Extra-time, rolling subs: netball vies for new attention of hearts and minds | Megan Maurice | Sport

There are many sounds that are synonymous with Super Netball – squeaking shoes on wooden floorboards, the piercing shriek of the umpires’ whistles, the low growl of defenders pretending to be encouraging their own teammates while really trying to put off their opponents. Accompanying this curious melody is the roar of the crowd, working in sync to create an immersive soundtrack.

Netball crowds have always punched above their weight. For a sport that is usually played in stadiums with a capacity of less than 10,000 people, the noise is intense and focused. Find yourself in a crowd at a grand final or a major international game and the effect is further heightened .

The enclosed space and proximity to the court are factors in this, but so too is the fact that netball crowds are generally less inhibited than other Australian sporting crowds. Without being drunk and boorish, netball crowds are full of people willing to throw dignity to the wind and get involved in every moment.

But now, along with all professional sports preparing to return in the Covid-19 era, netball faces the prospect of removing this element from the game and hearing squeaky shoes echo across 10,000 empty seats.

The men’s AFL and NRL competitions have been desperate to get back to cash in on their broadcast deals, but netball’s contract with Channel Nine and Telstra is far less lucrative. Without money flowing to the clubs from broadcast, revenue from ticket and merchandise sales at live games is considerably more important. This will be a factor in decision making for the upcoming season.

Aside from financial concerns, Super Netball must also engineer its re-entry into a crowded market. With a number of sports starting at once and the probability of seasons extending into summer, there will be a fight for viewers’ eyes and media coverage. And with the coverage during the hiatus skewing towards men’s sport, netball will have a fight on its hands to re-establish its place in the Australian sporting landscape.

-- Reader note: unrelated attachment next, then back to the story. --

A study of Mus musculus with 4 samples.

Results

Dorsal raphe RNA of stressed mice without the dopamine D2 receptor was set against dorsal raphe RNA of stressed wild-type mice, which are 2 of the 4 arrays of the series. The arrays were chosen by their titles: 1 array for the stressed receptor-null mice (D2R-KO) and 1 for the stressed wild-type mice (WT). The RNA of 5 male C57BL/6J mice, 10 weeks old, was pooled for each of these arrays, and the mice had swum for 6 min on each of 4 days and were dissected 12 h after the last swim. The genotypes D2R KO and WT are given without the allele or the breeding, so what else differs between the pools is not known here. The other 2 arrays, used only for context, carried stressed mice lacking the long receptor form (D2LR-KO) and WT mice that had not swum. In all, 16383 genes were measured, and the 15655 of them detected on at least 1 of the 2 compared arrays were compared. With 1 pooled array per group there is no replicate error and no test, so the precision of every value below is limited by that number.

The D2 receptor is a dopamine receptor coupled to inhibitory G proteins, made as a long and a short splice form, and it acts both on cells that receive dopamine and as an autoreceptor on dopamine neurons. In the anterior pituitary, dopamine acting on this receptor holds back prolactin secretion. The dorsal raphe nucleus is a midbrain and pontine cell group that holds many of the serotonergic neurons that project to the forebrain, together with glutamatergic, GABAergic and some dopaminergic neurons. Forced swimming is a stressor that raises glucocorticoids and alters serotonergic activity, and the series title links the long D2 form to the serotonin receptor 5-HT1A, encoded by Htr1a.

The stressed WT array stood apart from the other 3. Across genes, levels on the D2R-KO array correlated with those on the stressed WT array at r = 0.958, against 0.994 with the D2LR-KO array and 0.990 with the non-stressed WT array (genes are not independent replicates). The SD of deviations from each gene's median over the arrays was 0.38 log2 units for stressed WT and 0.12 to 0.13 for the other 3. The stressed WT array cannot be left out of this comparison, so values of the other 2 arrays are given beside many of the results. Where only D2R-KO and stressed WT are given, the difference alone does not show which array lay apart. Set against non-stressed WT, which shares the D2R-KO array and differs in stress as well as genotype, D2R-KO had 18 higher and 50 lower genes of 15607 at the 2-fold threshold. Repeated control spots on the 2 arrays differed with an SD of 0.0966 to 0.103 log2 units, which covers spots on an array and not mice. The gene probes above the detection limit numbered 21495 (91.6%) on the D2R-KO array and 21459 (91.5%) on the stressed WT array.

Fortunately they come in with a couple of extra strings to their bow with two significant rule changes coming into play for the 2020 season. Extra-time has been added for drawn matches and coaches have been granted the use of rolling substitutions.

The first is especially welcome – with seven draws across 14 rounds in 2019 fans and players have been calling out for extra time. Rolling substitutions were trialled in feeder competition the Australian Netball League last year and are aimed at eliminating the need for players to call a fake injury timeout to be replaced during play.

However the change that competition organisers have long been laying the groundwork for is the introduction of a two-point shot. In this scenario, goals scored from the outer edge of the goal circle are worth two points. Despite being presented as a possible change at the end of each season, the answer has consistently been a resounding “no” from both fans and players.

The most common argument against the two-point is that is fundamentally changes the fabric of the sport. Instead of shooters aiming to position themselves close to the post, they will try to be further away, which also changes the type of defence employed against them. This would have impacts for Super Netball players on the international stage – spending an entire season training to play a certain way only to have to change for high pressure international games at the end of the season will place them at a disadvantage.

Proponents of the two-point shot believe it adds excitement and removes the over-reliance on tall shooters who take their shots close to the post, from where they rarely miss. While these voices are much smaller in number, the fact that the question continues to be raised suggests they are being listened to.

With the possibility of a shortened season on the agenda, as well as the need to draw in more fans to ensure netball holds on to its place in the spotlight, this may be the opportunity competition organisers have been waiting for to test the waters and include the rule in some capacity under the guise of crisis management.

Times are tough, but the sport itself is strong. It has been built on the foundations of powerful women over more than a century, and while it has evolved over time, it has remained true to its roots. As administrators delve into the details of what the upcoming season will look like, fans will be hoping the integrity of the game can be maintained so that when they come back in their thousands, they will recognise the beats and tempos of the sport to create that familiar soundtrack once more.